Sermon Summary - The Purifying Effects of Persecution - Acts 19:21-41
The Purifying Effects of Persecution
Christians are sinners who are saved by grace through faith in Christ alone, and like new born babies, they grow and develop. The effect of new birth upon the Ephesians bore fruit, causing them to stop practicing sorcery, magic, idolatry and sexual immorality, which was all connected to the temple of Artemis. The Holy Spirit calls people from the world and its culture, causing them to change their practices, often bringing persecution as well. The main reason why the gospel is hated is because it exposes sin. In the midst of opposition, we are to trust God who is sovereign to protect his church and deliver them from death if He wills.
Paul had been ministering in Ephesus for almost three years, and resolved to pass through Macedonia, Achaia, Jerusalem and Rome but remained in Ephesus. There arose a huge disturbance concerning Christianity. As the hearts of the Ephesians were changing, so were their actions, which threatened the business of idol makers. A man named Demetrius gathered workmen of similar trade and explained how their livelihood was in danger, how their trade may come into disrepute because of Paul, who turned away many people (Acts 19:24-27). Much of the economy of Ephesus was built around the temple of Artemis, which was one of the seven wonders of the world at the time. It drove many people in and out of the city, and these idol makers made their living selling statues. They were angry that their business was threatened. When Christians walk with Christ, it often bothers those who are still in darkness.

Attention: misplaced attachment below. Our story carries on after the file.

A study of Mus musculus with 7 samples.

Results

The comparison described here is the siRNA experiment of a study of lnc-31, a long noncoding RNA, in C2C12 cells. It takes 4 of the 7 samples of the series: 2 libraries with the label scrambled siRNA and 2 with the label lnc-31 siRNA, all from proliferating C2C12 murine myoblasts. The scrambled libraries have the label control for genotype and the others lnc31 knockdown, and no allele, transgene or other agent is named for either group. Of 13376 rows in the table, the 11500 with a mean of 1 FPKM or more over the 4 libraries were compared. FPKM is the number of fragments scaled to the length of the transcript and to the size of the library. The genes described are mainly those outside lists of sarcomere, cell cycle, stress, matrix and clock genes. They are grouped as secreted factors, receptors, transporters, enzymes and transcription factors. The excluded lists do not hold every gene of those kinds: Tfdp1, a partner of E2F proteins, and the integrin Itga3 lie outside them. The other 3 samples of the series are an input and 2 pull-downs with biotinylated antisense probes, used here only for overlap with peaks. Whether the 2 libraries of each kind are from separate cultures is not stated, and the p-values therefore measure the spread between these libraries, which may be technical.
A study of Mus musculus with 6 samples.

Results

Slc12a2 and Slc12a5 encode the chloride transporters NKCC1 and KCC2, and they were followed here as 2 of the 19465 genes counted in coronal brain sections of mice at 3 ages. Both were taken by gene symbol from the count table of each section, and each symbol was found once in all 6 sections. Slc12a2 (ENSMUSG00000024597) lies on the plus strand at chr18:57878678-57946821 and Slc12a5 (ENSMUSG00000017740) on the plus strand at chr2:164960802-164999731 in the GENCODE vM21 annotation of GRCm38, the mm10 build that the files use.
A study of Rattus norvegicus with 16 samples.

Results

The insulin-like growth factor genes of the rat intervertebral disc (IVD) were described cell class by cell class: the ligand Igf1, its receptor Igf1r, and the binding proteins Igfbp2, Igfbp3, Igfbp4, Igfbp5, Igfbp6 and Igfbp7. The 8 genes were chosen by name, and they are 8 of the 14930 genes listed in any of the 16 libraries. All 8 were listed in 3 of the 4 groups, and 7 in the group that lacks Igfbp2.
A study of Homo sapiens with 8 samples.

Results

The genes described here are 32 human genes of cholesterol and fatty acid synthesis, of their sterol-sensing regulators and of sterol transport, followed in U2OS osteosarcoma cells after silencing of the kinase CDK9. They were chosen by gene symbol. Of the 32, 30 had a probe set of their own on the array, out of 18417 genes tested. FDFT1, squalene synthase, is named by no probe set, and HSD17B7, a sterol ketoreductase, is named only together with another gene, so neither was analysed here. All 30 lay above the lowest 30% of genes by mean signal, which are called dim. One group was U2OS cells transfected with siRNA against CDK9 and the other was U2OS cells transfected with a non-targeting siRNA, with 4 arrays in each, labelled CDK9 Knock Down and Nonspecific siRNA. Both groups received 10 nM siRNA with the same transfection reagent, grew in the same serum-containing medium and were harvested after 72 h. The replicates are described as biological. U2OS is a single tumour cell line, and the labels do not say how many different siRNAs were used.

The gospel, and the new believers in Ephesus exposed the people’s love of money. Paul’s message was cutting into their profit, so Demetrius instigated a riot by stirring up the people’s cultural and religious sentiment. The crowd became enraged, ran out to the theatre, dragging Gaius and Aristarchus with them. Paul wished to go in among the crowd, but the disciples would not let him (Acts 19:30). By the grace of God, no one died but Paul later wrote to the Corinthians (2 Cor. 1:8), “For we do not want you to be unaware, brothers, of the affliction we experienced in Asia. For we were so utterly burdened beyond our strength that we despaired of life itself.” They experienced fear, but Paul knew God was sovereign in the midst of satanic activity.
The crowd was in confusion, Alexander rose up and wanted to make a defense for the Jews, to separate the Jews from the Christians in the crowd’s mind, “but when they recognized that he was a Jew, for about two hours they all cried out with one voice, Great is Artemis of the Ephesians” (Acts 19:33-34). Eventually the town clerk came in and by God’s providence, quieted and dismissed the crowds. Paul along with thousands of other Christians in Ephesus stirred up the enemy’s opposition, they exposed their sin which led to a riot, but God was sovereign.
We’ve had peace with our culture, but the freedom of religion is being attacked in our country more and more each day. Bible-believing Christians are being slandered so Peter encourages us by saying, “If you are insulted for the name of Christ, you are blessed, because the Spirit of glory and of God rests upon you. But let none of you suffer as a murderer or a thief or an evildoer or as a meddler. Yet if anyone suffers as a Christian, let him not be ashamed, but let him glorify God in that name” (1 Peter 4:14-16).